In Aurora Magica, the protagonist, Varek, is an aspiring Relic Hunter, a crown sanctioned adventurer. A position that allows him free travel, good pay, and a little courtly sway. In return, he clears nests of monsters, helps to protect villages, and will occasionally perform courier duties. Usually, this is an enviable position within the Kingdom of Kode, but it's a job that just became a little more dangerous.
Recently, one of the demi-human countries, The Zidrian Empire, has taken a new aggressive approach to the problem of needing human males to maintain a sustainable population. Any human male outside of the defensible borders of Kode Kingdom is at risk of capture and enslavement. The other demi-human country is in worse shape, as the Zidrians will openly raid their towns and villages.
This conflict is continuously escalating, and soon the two beast nations will be in open war with one another. Varek's country has tried to remain neutral, and has maintained a peace treaty with the two beast nations. A faction within The Zidrian Empire is pushing to utilize ancient spells to defeat their enemies. These SMDs, Spells of Mass Destruction, are a global threat, and it doesn't take long for Varek and his band of misfits to be drawn into world events.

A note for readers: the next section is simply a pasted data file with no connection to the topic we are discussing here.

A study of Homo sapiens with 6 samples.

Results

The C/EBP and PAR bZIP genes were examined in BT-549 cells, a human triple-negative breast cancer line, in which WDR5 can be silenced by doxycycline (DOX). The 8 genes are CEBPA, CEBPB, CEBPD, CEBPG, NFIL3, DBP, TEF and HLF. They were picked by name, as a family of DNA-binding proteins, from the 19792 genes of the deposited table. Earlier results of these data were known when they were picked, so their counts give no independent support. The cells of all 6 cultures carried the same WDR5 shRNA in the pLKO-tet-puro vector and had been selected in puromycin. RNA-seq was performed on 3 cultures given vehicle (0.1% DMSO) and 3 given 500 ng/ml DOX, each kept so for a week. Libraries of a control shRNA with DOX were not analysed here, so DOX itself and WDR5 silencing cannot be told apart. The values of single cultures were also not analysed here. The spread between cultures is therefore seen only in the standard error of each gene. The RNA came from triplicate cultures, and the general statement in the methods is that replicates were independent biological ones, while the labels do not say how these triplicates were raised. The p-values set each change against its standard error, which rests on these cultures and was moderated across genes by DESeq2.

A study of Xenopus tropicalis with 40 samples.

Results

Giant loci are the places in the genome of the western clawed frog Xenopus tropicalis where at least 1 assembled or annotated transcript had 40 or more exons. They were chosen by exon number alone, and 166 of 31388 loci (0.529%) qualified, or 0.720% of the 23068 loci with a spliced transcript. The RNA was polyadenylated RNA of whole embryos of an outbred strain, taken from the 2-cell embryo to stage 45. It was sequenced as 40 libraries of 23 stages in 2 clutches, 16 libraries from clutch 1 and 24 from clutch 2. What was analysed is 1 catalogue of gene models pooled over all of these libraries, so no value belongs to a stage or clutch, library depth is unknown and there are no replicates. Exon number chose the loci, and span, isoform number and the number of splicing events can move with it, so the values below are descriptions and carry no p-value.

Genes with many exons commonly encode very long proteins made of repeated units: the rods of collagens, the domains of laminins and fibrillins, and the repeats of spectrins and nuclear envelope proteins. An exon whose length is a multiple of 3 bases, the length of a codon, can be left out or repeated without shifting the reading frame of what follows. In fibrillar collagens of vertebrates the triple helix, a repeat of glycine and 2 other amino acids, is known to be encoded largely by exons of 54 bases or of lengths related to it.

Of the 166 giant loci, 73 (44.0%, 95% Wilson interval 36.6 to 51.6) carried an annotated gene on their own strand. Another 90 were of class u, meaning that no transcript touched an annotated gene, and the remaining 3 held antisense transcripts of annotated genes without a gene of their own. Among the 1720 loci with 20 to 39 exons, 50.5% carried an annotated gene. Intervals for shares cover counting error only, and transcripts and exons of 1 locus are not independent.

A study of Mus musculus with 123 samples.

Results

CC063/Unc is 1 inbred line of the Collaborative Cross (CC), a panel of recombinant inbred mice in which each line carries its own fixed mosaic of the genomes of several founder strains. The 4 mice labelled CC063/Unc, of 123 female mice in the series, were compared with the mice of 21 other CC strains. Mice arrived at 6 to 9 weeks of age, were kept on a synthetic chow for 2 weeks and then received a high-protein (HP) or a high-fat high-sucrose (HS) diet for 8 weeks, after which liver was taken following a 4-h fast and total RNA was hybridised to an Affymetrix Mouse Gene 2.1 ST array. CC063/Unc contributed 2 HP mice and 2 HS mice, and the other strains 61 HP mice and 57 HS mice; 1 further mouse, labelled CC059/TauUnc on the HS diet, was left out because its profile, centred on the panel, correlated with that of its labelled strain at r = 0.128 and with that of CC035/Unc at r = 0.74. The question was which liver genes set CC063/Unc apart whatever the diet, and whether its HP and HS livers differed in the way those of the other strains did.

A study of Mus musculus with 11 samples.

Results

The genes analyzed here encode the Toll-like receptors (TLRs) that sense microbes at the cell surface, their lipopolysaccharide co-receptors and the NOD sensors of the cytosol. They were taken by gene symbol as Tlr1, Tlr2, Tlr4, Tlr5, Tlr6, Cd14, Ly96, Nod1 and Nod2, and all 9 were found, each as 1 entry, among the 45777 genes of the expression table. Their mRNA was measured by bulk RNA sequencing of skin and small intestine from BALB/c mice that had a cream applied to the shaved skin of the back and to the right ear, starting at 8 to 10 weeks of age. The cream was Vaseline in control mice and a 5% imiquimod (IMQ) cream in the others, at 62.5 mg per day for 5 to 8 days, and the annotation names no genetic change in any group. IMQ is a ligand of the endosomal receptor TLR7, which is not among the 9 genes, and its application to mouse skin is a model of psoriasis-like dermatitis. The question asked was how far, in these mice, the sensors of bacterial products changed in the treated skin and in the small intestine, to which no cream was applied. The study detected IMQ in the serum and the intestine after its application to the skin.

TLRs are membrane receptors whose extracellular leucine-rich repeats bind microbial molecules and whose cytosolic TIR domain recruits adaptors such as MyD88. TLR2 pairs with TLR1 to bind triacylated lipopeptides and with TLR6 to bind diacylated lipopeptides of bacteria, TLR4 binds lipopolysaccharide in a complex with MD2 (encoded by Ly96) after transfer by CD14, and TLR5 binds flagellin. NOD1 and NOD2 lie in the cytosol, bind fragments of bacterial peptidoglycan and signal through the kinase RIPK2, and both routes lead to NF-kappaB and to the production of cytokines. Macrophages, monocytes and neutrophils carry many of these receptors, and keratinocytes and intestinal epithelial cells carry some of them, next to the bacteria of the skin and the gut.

How will Varek fare as a royal adventurer in a world that has a target on his back?
Varek - Quiet but tough. Tends to be the straight-man for the pandemonium that he attracts.
Themis - Varek's older sister, who seems to have one mission in life, getting her brother married off.
Mahrope - Childhood friend who is a little aloof and distant, but punishes Varek a little TOO often.
Rosa - A young lady with an attachment to the hero, but is otherwise sensible. Usually.
Aestair - A one quarter elf, and second cousin to Varek. She's frisky, obnoxious, and country-fried.
From classic anime titles like All Purpose Cultural Cat Girl Nuku Nuku, Girls Bravo, Infinite Stratos, or Everyday Life with Monster Girls - it’s hard to miss the anthropomorphic and harem story in anime, manga, or even general fantasy. In fact, these types of stories are within their own sub-genre; they’re usually light-hearted, fun, and filled with humor. The problem with the genre is the games; they’re mostly, well, a ta-ta-fest, smut, or a title that gets hidden under the bed. The video game take on the genre has more bounce than a truck-load of tennis balls.
This is where Aurora Magica is a little bit different. You can have a monster-girl-harem story, you can have a game, and you don’t have to send your room-mate away to have it. Innuendo? Sure. A little salty language? Fine, but only a little. More jiggle than a French night-club? Nope, that’s not going to happen here. In the world of Aurora Magica, it’s not about that; it’s about a world in which society suffers from the fallout of demi-humans being all female.